Taking it in stride
Yesterday Ramón completed a half-marathon that he’s been training for since his counts recovered following his last round of chemo. Younger, pre-cancer Ramón ran half-marathons whenever he pleased with little to no preparation whatsoever. He’s always been quite athletic, and we have ongoing debates about which professional athletes he thinks he could beat in a 40-yard dash. Ramón also claims that, if he had known the rules of football when he played in high school, he would have been very talented. Yes, he played high school football despite not knowing how downs worked.
After walking through the emergency room doors on May 7, Ramón hadn’t set foot outside the confines of the hospital except for the ambulance ride transferring him from one hospital to another. After getting clearance to come off the continuous infusions, he was excited to be freed from his IV pole, which he called his “ball and chain.” On May 22, Ramón was feeling pretty good and wanted to walk to the cafeteria (Imagine that!). So, together with his original ball and chain, we slowly made our way across the hospital. As we neared the cafeteria, we passed a revolving door and saw the bright sun and blue sky. Ramón sheepishly turned to me and said, “I kind of want to go outside.”
In this moment, I realized he hadn’t been outside in 15 days. That’s more than two weeks without a breath of fresh air, instead watching the outside world from his window – a spectator. Ramón stepped outside and basked in nature, something that doesn’t garner much day-to-day thought, yet is always worthy of gratitude. The excursion outside lifted his spirits so much that we went on another walk that evening. We first walked to the car. Then we started it, left the parking deck, headed to my parents’ house, and visited the dogs. (Pro tip: Shift change is a great time for adventure.)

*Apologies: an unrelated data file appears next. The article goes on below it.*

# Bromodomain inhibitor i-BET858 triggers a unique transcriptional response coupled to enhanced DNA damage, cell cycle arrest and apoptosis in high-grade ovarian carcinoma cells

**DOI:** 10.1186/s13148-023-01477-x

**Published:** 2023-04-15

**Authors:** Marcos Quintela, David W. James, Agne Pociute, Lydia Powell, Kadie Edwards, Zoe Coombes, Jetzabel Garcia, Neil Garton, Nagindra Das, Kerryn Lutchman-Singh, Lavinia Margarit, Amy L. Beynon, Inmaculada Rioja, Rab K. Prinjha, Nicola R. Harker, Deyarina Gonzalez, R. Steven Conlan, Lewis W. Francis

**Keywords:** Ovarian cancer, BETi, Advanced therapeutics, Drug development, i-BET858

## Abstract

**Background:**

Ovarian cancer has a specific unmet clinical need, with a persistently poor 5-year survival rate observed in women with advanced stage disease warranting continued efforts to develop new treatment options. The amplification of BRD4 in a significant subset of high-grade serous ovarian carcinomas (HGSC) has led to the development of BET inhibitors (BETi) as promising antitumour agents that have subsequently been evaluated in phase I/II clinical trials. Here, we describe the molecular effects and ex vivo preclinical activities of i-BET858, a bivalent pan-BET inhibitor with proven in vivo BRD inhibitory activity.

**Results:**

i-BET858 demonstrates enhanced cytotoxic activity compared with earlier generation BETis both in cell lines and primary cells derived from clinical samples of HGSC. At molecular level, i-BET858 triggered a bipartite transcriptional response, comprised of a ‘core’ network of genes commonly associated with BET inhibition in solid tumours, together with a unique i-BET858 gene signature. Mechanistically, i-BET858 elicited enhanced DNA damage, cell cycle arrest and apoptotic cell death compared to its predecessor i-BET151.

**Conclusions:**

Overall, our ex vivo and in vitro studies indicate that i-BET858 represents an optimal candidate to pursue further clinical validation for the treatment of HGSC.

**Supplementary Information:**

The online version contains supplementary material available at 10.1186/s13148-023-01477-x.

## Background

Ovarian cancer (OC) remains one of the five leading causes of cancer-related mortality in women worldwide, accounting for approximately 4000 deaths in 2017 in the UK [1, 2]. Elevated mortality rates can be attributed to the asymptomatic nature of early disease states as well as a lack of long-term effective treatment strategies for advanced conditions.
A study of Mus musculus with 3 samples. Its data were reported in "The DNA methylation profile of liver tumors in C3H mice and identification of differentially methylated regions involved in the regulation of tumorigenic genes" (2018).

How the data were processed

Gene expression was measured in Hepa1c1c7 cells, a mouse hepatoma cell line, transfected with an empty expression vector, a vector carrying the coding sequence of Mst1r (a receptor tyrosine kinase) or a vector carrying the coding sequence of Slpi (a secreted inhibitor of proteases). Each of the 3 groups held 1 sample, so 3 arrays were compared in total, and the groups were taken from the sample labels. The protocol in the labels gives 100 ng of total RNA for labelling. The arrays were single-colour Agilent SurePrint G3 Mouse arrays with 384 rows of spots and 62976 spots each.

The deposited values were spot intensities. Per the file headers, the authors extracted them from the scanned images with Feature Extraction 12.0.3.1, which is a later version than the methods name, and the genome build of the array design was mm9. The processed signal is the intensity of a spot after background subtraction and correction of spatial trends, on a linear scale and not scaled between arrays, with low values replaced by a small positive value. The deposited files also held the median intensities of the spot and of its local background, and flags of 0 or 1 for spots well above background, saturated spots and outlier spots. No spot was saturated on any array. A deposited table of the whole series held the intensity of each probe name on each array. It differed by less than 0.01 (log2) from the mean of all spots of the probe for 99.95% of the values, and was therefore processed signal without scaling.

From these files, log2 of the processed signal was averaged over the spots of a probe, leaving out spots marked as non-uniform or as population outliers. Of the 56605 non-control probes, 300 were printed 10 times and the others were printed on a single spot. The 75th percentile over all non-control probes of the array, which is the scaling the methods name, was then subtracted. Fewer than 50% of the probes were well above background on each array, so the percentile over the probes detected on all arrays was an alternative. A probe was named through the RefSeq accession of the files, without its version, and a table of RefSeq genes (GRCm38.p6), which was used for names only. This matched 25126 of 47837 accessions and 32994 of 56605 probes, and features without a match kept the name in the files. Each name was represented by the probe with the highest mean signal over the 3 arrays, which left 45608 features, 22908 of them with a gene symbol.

I was caught off-guard when Ramón first mentioned signing up for the half-marathon. I was more surprised when he found a training plan online and stuck to it rigorously. As race day drew nearer and nearer, he began feeling a little defeated, comparing himself to how he used to be. I kept reminding him what his body has endured over the past nine months. Despite my mentions of leukemia and chemo, Ramón never adjusted his competitive spirit.
So, yesterday, in the 30-degree weather, Ramón ran a half-marathon in under two hours. That’s 13.1 miles in less time than it takes for a single infusion of high-dose chemo or a blood transfusion – both of which he’s come to know very well. This afternoon we head for a follow-up bone marrow biopsy. As we impatiently wait for results, I’ll remember that, regardless of where life takes us next, the Ramón on the left (outside the hospital) and the Ramón on the right (from yesterday) are the same guy: the generous, strong-spirited, hardworking man that would lose to Tom Brady in a 40-yard dash.